Curtailment and Dispatch Estimation Toolkit
|Funding mechanism||Network Innovation Allowance (NIA)|
|Duration||Oct 2018 - Oct 2019|
|Research area||Network Improvements and System Operability|
The main objective of the project will be the development of customer behaviour models for all types of demand, generation and storage that can be used as an input to the Energy Curtailment (and/or dispatch) Estimation techniques that WPD is developing.
The development of distributed energy resources termed DER (such as wind, solar photovoltaic, hydro, landfill gas, CHP etc) will displace existing conventional methods of generation which historically have provided the necessary response characteristics to maintain the overall integrity of the network. The output of the DER is both variable and uncertain because of its intermittency. On the demand side too, uncertainties are growing due to changes in consumption patterns (e.g. with electric vehicles etc). This scenario is thus transitioning to a less predictable and more stochastic world.
The most common form of analysis undertaken by any DNO for network planning is a load-flow study taking into account the maximum coincident load. With more DER (particularly wind and solar photovoltaic generation), the snapshot of the maximum coincident generation, will also become relevant for network planning. Currently carrying out a multitude of modelling analysis using half-hourly flows at each network point, for different types of DER and demand technology presents WPD with a scaling problem – doing this for an historical year is manageable, but trying to do this for forward planning purposes, using a further number of future energy scenarios would be impracticable using the current software. It is therefore imperative that new modelling capabilities are required to address these challenges.
It has been recognized that WPD will need to develop “forecasting future energy volumes across the network (under different scenarios) to highlight opportunities for flexibility, operability issues and to identify when strategic reinforcement will be needed”(see bullet point 2 on page 10 of the DSOF document) in order to facilitate its transition from DNO to DSO. The purpose of this project is to develop customer behaviour models for all types of demand, generation and storage that can be used as an input to the Energy Curtailment (and/or dispatch) Estimation techniques that WPD is developing. There are about 17,520 half-hours in a year; preferably this project will identify sufficient commonality that needs to be assessed to arrive at MWh figures for a year to perhaps several hundred. Specifically, this project will provide a more accurate visibility of future curtailment and potential for flexibility required under modelled scenarios.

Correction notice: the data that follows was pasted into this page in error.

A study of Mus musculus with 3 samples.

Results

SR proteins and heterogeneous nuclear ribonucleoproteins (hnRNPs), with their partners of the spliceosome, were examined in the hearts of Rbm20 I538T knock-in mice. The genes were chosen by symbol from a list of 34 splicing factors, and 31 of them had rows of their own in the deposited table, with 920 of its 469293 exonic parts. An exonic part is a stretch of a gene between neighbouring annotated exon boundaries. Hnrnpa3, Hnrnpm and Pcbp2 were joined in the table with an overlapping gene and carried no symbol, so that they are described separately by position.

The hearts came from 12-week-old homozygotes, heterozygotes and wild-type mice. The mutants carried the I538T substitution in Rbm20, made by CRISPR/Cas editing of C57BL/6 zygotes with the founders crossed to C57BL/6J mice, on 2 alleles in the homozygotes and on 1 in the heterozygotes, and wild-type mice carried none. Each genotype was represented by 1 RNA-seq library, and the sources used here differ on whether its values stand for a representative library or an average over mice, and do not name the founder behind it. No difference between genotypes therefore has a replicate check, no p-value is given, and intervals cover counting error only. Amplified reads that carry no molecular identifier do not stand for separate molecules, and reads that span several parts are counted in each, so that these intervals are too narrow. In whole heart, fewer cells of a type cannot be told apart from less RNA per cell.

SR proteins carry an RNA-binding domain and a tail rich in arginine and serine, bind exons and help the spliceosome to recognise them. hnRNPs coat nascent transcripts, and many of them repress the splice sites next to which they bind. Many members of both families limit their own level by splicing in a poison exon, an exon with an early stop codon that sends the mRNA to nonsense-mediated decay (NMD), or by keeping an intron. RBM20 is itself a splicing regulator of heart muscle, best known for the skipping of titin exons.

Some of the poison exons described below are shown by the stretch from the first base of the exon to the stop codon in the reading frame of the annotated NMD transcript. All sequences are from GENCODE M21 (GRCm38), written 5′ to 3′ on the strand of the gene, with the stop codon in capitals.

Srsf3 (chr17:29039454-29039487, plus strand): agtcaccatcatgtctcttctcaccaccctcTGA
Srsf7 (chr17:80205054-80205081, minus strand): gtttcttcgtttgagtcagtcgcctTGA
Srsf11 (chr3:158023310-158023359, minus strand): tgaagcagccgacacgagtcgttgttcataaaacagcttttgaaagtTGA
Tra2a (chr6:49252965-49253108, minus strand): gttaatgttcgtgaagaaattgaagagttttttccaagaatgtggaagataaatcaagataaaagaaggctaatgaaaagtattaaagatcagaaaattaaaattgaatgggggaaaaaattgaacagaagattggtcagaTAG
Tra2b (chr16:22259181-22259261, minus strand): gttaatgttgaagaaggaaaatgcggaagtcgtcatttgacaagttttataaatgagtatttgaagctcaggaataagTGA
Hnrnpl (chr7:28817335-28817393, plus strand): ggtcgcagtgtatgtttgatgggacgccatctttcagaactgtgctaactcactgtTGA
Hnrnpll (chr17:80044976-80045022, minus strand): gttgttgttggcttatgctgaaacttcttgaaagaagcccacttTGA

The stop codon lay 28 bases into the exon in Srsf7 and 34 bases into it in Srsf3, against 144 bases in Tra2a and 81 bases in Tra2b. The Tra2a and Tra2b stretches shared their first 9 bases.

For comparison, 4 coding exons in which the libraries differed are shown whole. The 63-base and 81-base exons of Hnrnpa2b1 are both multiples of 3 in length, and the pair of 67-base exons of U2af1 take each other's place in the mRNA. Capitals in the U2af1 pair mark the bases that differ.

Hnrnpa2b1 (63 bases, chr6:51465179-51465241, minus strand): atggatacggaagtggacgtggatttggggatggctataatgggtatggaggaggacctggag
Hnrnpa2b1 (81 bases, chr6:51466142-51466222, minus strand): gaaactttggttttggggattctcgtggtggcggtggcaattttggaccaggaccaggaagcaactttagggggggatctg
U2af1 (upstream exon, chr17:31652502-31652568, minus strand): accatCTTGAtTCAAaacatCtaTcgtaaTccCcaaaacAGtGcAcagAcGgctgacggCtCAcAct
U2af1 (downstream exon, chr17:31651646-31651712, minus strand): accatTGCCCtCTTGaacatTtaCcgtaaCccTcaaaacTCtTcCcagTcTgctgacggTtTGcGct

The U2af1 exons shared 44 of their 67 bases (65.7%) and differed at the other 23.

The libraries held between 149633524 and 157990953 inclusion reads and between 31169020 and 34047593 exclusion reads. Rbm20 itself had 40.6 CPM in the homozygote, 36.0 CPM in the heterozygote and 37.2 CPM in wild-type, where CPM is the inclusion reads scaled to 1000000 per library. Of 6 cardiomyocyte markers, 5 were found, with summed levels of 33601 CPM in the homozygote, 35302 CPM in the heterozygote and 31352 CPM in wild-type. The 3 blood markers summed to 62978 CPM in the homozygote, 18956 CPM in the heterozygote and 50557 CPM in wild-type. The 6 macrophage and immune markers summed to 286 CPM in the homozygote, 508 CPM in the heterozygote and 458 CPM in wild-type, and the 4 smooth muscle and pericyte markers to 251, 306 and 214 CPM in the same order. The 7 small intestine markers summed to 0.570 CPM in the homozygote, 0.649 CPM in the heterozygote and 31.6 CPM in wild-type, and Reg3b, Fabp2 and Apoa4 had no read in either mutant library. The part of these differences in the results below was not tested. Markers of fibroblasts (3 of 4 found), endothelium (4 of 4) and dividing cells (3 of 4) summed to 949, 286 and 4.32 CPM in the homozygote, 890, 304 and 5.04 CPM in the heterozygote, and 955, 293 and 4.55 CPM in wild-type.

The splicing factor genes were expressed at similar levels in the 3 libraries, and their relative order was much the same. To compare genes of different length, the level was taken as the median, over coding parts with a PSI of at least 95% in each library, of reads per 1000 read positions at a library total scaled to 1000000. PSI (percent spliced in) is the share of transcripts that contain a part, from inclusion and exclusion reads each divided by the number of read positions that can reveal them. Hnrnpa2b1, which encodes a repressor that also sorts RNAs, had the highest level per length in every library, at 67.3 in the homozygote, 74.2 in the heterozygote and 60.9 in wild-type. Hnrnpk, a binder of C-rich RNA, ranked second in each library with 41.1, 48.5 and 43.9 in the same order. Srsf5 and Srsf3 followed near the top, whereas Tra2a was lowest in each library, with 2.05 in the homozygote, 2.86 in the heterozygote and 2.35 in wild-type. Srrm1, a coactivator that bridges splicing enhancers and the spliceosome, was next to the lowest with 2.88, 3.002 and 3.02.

The work will be carried out in three phases covering the four WPD’s licence areas, comparing two innovative methods. Methods Alpha and Beta have different first phases, but share the replication phases 2 and 3.
Method Alpha Phase 1: Analysis of half-hourly data for a summer for the South West licence area will be selected for this analysis. The detailed analysis will consist of (a) development of the Stochastic Load Flow (SLF) Algorithm (b) assessment of load profile/correlations with meteorological data (c) assessment of hourly, daily, weekly and monthly groupings.
Method Beta Phase 1: Understand the three main independent variables affecting load profiles; weather, demand growth and generation growth across grouped climatic regions.
Perform a study based on the “Monte Carlo” method – that of repeatedly analysing random inputs (conditions) to establish the distribution of outputs (loadings).
Phase 2: Expansion of Phase 1 techniques across a yearly profile (a) development of the WPD generation/demand clusters (b) for each cluster, repeating the studies described in phase 1, for a set location (c) development of other technology types excluded or minimised under phase 1.
Phase 3: Generalisation of techniques to other locations (a) application of techniques to other licence areas and locations (b) iteration to grouping techniques based on data from other locations.